Since October, the ballet has been her life.
Donna Hancock is in charge of costumes for the Augusta Dance Theatre's upcoming production of Nutcracker in a Nutshell. So each day the stay-at-home mom cuts out patterns, sews seams or adds ribbons, buttons and fur to costumes. The show, which will be performed Dec. 18-19 at the Grover C. Maxwell Performing Arts Theatre at Augusta State University, has a cast of 120.
Nutcracker ballet performances are a Christmas staple for many. The annual holiday production brings to mind a fantasy world of dreamy snowflakes, sugarplum fairies and giant mice. But making such visions real takes time and creativity.
The costumes can cost hundreds of dollars and require countless hours of hard work, usually provided by parent volunteers.
The dress for Mother Ginger, for example, may cost Augusta Dance Theatre more than $300. Mrs. Hancock said hundreds of yards of fabric will be used to create the majestic costume, the skirt of which is big enough to conceal a bevy of bonbons.
The Augusta Ballet's annual Nutcracker opened Friday at the Imperial Theatre and continues today and Thursday through Sunday, Dec. 12. Augusta Ballet has set up an endowment fund to pay for new Nutcracker costumes and costumes that need repair. Many of the outfits in the performance have been used for years.
The Nutcracker outfit, being worn this year by 13-year-old Jeremy Bannon-Neches, is an original from the Atlanta Ballet Company and has been used for more than 40 years.
Clara's costume is practically a rookie at just 4 years old. The blue lace-trimmed dress is one of the heavier outfits in the show, and one of the hottest for the dancers because it's fully lined and includes bloomers in addition to the tights and leotard. Olivia Anderson and Jessica Cohen alternate in the role.
There are five new costumes in Augusta Ballet's production this year: two tutus, a new male tea dancer outfit and two party jackets for child dancers.
One tutu can cost up to $250, said Patti Ann Smith, a working parent who also volunteers her time as a costume coordinator. After lace, beads and sequins are attached, she estimates the cost per tutu could be as high as $500.
"You can't just go out and buy pieces like this," said Ms. Smith. "You have to make it."
The costume for the Arabian Coffee part was completed with almost no help from patterns. It was created by costume designer Ken Busbin, a former Augusta Ballet dancer. It's composed of harem pants and a bra-style top covered with sequins and blue beads.
Many Augusta Ballet costumes are works in progress, evolving and being updated. The ornate top for Little Bo-Peep's costume was remade three years ago. It was dyed yellow, and lace was added to the end of the elbow-length sleeves.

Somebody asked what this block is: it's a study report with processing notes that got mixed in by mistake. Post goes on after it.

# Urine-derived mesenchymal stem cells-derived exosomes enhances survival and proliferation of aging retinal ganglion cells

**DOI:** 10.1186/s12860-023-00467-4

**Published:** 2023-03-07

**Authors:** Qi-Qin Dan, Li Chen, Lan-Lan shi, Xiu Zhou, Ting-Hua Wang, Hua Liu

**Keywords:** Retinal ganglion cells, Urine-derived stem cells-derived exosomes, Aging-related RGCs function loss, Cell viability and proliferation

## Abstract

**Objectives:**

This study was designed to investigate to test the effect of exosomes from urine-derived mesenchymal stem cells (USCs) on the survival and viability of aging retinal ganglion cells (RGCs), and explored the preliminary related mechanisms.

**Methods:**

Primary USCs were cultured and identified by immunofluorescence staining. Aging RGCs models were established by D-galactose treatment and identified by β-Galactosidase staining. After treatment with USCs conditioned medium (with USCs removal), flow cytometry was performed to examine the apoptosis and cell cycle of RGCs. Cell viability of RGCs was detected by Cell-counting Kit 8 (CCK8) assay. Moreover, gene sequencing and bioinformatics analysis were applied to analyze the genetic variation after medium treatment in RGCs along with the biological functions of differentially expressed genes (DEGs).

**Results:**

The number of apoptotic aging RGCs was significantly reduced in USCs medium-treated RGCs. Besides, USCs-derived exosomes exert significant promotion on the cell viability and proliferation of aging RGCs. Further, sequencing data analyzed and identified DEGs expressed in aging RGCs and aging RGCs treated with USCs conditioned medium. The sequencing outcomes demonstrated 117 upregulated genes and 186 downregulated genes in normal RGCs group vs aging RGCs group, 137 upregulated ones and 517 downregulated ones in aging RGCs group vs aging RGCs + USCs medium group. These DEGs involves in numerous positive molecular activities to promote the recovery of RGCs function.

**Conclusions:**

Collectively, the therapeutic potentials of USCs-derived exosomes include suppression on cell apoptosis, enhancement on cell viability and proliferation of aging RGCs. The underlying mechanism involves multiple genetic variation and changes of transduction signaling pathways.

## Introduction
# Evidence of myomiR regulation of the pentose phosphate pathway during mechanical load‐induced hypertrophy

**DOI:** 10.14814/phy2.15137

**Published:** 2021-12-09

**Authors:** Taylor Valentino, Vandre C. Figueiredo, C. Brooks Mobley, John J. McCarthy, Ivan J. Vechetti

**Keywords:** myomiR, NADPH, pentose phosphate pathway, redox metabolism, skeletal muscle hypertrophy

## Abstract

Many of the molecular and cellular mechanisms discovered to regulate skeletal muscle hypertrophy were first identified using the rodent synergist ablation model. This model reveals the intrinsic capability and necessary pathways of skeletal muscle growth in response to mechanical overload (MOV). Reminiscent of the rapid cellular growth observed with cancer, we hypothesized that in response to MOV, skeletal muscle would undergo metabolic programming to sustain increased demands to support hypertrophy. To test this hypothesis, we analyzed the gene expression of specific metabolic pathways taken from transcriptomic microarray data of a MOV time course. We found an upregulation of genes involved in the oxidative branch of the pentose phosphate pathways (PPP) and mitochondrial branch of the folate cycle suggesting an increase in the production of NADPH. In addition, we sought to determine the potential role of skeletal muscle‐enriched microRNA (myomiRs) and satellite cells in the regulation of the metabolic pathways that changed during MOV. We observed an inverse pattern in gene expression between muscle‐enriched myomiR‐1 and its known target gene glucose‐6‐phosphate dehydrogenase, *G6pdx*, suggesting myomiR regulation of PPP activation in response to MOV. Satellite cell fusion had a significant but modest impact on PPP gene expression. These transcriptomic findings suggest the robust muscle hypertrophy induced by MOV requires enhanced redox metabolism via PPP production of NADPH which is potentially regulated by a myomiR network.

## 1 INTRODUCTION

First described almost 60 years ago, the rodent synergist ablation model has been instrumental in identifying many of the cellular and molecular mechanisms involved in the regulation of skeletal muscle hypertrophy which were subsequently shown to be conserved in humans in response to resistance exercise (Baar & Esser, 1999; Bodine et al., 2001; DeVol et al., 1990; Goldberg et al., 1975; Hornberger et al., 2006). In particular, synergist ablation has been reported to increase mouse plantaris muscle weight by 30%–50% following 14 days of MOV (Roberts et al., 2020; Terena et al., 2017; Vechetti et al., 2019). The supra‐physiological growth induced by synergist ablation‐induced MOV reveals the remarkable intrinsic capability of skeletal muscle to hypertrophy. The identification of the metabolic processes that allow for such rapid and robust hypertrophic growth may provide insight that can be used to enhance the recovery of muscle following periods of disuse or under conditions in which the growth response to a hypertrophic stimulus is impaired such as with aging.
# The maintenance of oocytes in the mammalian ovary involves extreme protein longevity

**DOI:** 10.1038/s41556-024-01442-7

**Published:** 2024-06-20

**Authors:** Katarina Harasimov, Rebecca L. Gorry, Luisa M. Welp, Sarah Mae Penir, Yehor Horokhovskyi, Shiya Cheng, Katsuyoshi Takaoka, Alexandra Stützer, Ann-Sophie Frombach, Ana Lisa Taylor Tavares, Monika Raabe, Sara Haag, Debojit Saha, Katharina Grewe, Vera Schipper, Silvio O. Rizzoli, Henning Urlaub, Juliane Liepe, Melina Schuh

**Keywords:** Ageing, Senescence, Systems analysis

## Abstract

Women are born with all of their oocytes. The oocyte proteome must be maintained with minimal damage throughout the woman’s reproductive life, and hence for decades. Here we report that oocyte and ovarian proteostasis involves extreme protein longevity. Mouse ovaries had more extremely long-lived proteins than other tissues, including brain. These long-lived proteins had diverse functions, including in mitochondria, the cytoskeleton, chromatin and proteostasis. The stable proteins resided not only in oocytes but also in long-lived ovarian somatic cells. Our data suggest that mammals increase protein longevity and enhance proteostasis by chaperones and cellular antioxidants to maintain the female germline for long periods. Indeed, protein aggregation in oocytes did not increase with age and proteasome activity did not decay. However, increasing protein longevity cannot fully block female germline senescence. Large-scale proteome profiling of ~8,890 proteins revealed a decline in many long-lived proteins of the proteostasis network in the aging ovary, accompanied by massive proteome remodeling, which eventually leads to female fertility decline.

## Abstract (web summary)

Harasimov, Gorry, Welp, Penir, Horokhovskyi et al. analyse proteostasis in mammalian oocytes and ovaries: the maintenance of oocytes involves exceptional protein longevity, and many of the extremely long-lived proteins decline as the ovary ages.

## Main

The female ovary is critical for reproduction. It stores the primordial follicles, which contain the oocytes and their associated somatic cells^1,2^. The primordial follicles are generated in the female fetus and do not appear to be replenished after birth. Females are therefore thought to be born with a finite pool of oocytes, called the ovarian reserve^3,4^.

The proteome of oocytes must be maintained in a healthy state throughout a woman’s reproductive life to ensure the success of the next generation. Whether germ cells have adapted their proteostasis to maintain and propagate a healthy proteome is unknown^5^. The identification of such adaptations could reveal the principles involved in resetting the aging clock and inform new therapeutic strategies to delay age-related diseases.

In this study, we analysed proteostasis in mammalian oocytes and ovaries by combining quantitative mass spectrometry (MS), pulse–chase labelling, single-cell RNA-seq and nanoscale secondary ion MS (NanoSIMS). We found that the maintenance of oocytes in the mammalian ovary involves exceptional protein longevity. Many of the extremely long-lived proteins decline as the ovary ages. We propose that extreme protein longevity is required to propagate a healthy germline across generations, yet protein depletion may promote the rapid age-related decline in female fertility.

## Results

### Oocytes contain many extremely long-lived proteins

Mrs. Hancock, the costume coordinator for Augusta Dance Theatre, looked at traditional outfits from other Nutcracker productions to make the costumes for this year's performers.
"The polechinelle costumes are hard to make because I had to combine four or five different patterns to get the look I wanted," Mrs. Hancock said. She and other parents spent four to five hours making each of the 10 bonbon costumes from green and purple silk taffeta, with gold trim on the sleeves and collars.
Meredith Tannehill, 11, plays a Chinese dancer in Nutcracker in a Nutshell. Her costume, a red silk tunic, was cut straight from a dress pattern, Mrs. Hancock said. It's accented by silver frog closures for buttons, black tights and a black tassel in her hair. Meredith's outfit, one of the least expensive, cost $20 to $25.
Alexis Bashinski, 14, plays an ice skater. Her costume, one of the more costly ones, is made from pressed royal blue velour with white fur at the collar, waist, wrists and swing skirt hem.
"It's a very tailored look," Mrs. Hancock said. "It's an early-1900 look -- very Victorian."
Seven-year-old Nathan Lubeck of Augusta plays the part of the Jack-in-the-Box. His red and white polka-dotted costume is made from a clown costume with boning at the waistband to give him bounce. The tall jester-like headpiece is actually a lot lighter than it looks. Made from felt and stuffed with cotton, it's easy for Nathan to move around in.
Mrs. Hancock said parents of dancers often pay for their children's costumes.
"The trick is to find something in your budget," she said.
Nathan's parents, Chuck and Mickey Lubeck, who toured professionally in the national production of Cats, do his makeup and help the other performers with theirs.
For Mrs. Hancock, the reward of countless hours of hemming, sewing, pasting and alterations comes when she sees her finished products on stage.
"With each performance my heart jumps," she said.
The Augusta Ballet will perform The Nutcracker at 1 and 5 p.m. today, 8 p.m. Thursday and Friday and 1 and 5 p.m. Saturday, Dec. 11, and Sunday, Dec. 12, at the Imperial Theatre, 745 Broad St. Admission is $8 to $33. Call 261-0555.
The Augusta Dance Theatre will perform Nutcracker in a Nutshell at the Grover C. Maxwell Performing Arts Theatre at 8 p.m. Saturday, Dec. 18, and 3 p.m. Sunday, Dec. 19. Tickets are $10 for adults; $7.50 for children. Call 860-1852.
Reach Barnini Chakraborty at (706) 823-3332 or firstname.lastname@example.org.